Live stream: Michigan board considers adding abortion rights proposal to November ballot

Watch live at 9 a.m. Wednesday

LANSING, Mich. – The Michigan Board of State Canvassers is convening Wednesday morning to consider several matters -- among them, the decision whether to allow an abortion rights ballot proposal seeking to amend the state constitution to appear on the November ballot.

More than a month after submitting over 700,000 signatures in favor of amending the Michigan Constitution to allow abortion care, the Board of State Canvassers will decide if the ballot proposal will appear in front of Michigan voters this fall. The Reproductive Freedom for All ballot proposal -- backed by the Michigan ACLU, Planned Parenthood of Michigan and Michigan Voices -- was only required to submit 425,059 valid signatures to qualify to appear on the Nov. 8, 2022, ballot.

Watch the board’s meeting live at 9 a.m. Wednesday in the video player above. Our stream not working for you? Click here to access the state’s live stream.

The board’s meeting comes after the state’s Bureau of Elections reviewed signatures submitted under the Reproductive Freedom for All initiative, and recommended that the proposal be certified for the November election. Anti-abortion groups have been challenging the proposal in an effort to help disqualify it for the general election ballot.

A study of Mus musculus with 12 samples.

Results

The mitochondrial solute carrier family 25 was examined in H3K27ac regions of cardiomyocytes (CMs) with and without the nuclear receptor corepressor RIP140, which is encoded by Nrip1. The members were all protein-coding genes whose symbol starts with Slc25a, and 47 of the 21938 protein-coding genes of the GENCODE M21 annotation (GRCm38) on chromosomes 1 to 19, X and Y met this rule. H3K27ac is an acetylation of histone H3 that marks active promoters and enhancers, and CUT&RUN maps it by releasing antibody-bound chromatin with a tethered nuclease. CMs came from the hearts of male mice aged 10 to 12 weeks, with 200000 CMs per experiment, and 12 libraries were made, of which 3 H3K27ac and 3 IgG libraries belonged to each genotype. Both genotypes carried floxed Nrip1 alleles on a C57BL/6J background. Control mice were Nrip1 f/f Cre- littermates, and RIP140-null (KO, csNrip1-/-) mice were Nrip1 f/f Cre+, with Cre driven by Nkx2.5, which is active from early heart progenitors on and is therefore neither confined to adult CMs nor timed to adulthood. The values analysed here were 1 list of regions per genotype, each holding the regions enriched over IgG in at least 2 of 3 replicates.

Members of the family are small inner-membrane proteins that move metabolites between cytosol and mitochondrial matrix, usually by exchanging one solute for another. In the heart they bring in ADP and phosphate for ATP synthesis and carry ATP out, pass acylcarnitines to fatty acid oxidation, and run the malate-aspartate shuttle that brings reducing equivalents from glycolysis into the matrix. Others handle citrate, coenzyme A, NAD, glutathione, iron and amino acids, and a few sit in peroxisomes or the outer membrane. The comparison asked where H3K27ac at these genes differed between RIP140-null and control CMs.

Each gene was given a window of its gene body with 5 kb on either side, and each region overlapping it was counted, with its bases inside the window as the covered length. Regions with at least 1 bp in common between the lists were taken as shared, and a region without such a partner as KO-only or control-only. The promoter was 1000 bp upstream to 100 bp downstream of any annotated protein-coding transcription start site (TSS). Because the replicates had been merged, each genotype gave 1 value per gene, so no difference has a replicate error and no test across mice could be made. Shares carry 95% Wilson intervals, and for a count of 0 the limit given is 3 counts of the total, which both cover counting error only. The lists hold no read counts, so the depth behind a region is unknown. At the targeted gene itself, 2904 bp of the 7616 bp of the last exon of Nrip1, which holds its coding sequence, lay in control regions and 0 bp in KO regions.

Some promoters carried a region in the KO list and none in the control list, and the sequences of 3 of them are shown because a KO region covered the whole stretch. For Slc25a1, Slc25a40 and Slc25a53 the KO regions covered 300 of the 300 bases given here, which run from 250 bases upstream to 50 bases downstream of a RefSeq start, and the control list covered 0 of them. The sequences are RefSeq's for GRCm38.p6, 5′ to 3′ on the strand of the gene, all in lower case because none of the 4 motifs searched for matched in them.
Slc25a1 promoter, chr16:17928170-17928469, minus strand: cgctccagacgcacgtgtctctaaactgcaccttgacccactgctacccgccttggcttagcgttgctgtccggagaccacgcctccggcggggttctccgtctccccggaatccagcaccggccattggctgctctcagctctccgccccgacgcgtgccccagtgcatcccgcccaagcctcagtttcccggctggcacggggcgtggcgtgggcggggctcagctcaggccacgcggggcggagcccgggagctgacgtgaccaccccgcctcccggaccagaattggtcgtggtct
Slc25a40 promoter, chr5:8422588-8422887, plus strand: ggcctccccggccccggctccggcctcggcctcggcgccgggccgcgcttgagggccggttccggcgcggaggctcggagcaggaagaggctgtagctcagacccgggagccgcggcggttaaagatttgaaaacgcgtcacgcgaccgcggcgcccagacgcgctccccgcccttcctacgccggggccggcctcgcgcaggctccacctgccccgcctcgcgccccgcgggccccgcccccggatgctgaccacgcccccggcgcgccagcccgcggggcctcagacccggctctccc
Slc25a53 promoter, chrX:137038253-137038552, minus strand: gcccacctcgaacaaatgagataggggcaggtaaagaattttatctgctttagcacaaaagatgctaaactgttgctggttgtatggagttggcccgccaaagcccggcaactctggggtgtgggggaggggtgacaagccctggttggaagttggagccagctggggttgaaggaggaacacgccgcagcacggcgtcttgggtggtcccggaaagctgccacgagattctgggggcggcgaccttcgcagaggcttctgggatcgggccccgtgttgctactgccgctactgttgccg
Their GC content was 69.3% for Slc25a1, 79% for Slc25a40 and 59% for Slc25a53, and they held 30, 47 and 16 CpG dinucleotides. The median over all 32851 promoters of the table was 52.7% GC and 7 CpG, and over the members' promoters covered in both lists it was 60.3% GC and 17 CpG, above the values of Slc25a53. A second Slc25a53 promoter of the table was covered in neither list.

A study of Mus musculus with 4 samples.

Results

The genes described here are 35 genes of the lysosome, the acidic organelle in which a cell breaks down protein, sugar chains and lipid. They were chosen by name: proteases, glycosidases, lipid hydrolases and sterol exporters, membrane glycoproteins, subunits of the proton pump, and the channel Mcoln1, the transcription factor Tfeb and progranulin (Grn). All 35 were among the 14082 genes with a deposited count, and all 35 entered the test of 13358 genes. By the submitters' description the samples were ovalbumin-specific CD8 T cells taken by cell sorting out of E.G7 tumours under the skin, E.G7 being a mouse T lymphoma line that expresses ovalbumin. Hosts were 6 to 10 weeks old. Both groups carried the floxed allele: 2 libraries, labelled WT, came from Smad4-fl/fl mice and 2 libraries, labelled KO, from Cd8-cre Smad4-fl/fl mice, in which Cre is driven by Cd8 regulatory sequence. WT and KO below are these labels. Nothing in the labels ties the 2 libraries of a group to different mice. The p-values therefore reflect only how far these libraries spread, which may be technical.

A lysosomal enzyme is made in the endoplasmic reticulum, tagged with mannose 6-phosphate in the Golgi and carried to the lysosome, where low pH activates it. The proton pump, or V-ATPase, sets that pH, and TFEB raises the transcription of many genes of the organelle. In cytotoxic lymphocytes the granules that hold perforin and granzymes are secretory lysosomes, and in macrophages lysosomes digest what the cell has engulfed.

The proposal seeks to amend the Michigan Constitution to affirm that “every person has the fundamental right to reproductive freedom, which involves the right to make and carry out decisions without political interference about all matters relating to pregnancy, including birth control, abortion, prenatal care, and childbirth.”

Following the recent overturning of the Supreme Court’s 1973 ruling in Roe v. Wade, which protected the right to abortion care nationwide for decades, individual states are now responsible for regulating abortion care within their jurisdiction. In Michigan, a 1931 law on the books bans nearly all abortion care in the state and declares such care felonious. However, several ongoing lawsuits in several Michigan courts have, for now, blocked enforcement of that ban.

If abortion care became legal under the Michigan Constitution, this law would supersede related prior court rulings -- a win for supporters who say the legal confusion surrounding abortion care rights in the state is having a significant negative impact on abortion care providers and patients.

Abortion lawsuits breakdown: Here’s what to know about the legal battles in Michigan

The Board of State Canvassers is also expected to consider Wednesday whether to add petition initiative Promote the Vote 2022 to the November ballot.

About the Author:

Cassidy Johncox is a senior digital news editor covering stories across the spectrum, with a special focus on politics and community issues.